KENYA – Following the move by the Tanzanian government to increase the prices of onions, which are drier and have a longer shelf life, Kenyans are grappling with a shortage of the vegetable and an inflated pricing.

The situation is expected to worsen by the end of August, with the vital household vegetable recording a 40 percent increase in price alongside other essential food commodities such as eggs (60 percent) and sugar (55 percent).

According to the Central Bank of Kenya’s latest Monetary Policy Committee Meeting minutes, onions, both bulbs, and leeks recorded the highest year-on-year price increase, with the highest being a 22.2 percent rise as of July 2023.

Traders have started going to new import markets such as Ethiopia and Somalia, which incur additional transportation costs compared to Tanzania’s.

About 50 percent of the red onions in Kenya are imported from Tanzania according to the UN- Food and Agriculture Organization’s (FAO) 2014 report.

Production locally has been depressed in recent years by rainfall challenges and increasing post-harvest losses.

The cost of irrigation, which was said to total an average of Ksh5,000 per day, and an increase in electricity cost (over 60 percent between July 2022 and 2023), have also been key attributes to the rise in Kes 40 per kg production cost of onion.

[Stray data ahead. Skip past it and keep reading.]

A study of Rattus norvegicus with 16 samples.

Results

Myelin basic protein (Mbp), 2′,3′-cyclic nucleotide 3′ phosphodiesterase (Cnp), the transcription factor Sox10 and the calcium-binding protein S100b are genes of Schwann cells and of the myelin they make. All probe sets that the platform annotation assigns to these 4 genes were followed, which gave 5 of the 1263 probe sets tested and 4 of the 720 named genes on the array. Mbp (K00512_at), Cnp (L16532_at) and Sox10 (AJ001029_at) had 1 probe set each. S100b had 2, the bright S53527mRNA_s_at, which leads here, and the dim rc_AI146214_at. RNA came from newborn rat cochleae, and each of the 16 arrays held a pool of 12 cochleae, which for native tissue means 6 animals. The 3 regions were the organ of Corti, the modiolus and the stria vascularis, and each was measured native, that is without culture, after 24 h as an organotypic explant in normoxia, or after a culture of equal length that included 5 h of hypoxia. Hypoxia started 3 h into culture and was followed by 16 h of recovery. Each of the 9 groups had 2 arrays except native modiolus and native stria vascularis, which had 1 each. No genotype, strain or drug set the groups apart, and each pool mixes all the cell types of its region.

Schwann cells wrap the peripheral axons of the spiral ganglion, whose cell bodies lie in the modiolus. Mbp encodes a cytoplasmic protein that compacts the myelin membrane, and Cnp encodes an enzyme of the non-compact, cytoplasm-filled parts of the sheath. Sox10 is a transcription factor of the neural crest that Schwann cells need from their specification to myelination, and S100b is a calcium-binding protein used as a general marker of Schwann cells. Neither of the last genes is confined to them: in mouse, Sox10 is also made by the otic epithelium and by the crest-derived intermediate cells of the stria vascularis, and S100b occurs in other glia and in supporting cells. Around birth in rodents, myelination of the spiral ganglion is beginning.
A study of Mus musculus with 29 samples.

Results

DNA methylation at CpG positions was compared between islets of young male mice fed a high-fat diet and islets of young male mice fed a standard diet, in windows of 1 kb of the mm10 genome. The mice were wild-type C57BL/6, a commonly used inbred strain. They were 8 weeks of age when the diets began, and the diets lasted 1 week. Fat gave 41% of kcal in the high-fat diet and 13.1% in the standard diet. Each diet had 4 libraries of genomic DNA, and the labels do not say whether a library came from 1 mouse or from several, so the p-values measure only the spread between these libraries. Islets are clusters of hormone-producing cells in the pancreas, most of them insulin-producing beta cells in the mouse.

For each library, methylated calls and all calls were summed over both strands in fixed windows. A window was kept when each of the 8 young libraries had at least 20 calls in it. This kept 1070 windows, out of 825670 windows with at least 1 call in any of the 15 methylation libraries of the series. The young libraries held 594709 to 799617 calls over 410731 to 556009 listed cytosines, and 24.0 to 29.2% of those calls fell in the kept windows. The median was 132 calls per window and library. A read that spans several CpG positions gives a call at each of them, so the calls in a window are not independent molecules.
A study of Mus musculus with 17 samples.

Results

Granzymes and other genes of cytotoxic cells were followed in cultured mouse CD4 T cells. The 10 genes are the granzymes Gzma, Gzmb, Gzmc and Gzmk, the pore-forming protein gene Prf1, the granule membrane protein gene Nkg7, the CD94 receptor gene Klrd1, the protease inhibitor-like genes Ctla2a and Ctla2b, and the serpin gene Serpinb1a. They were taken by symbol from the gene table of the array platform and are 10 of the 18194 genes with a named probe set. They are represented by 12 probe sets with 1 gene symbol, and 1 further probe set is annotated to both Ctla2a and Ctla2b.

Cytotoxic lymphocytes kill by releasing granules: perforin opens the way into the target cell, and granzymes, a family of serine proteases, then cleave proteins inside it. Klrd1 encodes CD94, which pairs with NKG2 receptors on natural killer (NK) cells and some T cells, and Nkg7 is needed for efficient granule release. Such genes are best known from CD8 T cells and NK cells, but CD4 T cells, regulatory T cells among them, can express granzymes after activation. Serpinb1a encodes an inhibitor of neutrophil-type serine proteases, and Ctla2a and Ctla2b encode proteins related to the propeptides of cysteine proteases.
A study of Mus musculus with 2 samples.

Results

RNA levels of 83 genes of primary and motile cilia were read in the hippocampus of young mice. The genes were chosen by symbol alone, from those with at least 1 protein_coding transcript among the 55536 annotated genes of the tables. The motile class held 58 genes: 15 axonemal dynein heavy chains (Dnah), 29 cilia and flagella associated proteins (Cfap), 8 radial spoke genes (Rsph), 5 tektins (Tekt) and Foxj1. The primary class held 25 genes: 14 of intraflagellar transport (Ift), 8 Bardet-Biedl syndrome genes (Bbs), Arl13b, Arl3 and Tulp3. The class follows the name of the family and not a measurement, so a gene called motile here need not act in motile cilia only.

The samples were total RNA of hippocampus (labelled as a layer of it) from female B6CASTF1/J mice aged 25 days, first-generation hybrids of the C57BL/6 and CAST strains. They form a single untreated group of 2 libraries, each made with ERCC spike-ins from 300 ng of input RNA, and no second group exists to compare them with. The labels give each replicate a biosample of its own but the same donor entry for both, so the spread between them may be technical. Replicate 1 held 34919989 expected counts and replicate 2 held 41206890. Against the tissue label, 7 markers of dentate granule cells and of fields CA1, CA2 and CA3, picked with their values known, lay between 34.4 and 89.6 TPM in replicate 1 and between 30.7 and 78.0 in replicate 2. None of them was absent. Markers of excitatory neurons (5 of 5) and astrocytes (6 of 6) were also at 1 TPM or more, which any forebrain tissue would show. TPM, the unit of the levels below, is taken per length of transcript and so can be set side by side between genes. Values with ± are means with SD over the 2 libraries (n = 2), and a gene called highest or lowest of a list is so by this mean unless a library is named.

With all factors considered, consumers are now purchasing onions at a tripled price of Kes 20 from Kes 7. This is a translation of about Kes 150 for a kg.

“There was reduced harvest this season because of the reduced rain and I had to spend a lot of money on irrigation. On average, an acre produces 14 tonnes, but I only harvested 9 tonnes,” stated Francis Njuguna, an onion farmer.

“I made a profit because the scarcity greatly contributed to the pricing. Even the inputs were very high. I harvested 21,000 kilograms and sold Ksh75 per kg. My cost per kg was Ksh40.

Njagi assured Kenyans onions are fast maturing and take two to three months, so once production resumes, there will be stable supply and prices will start coming down.

Contrary to the situation in Kenya, onion traders are counting losses as several bags of onion continue to go bad due to the closure of the Niger border as a result of the ongoing coup in the West African country.

In an earlier report, the traders noted that they had to sell a bag of onions, which originally costs GH¢1300 for GH¢100 because they had gone bad upon arrival in Ghana.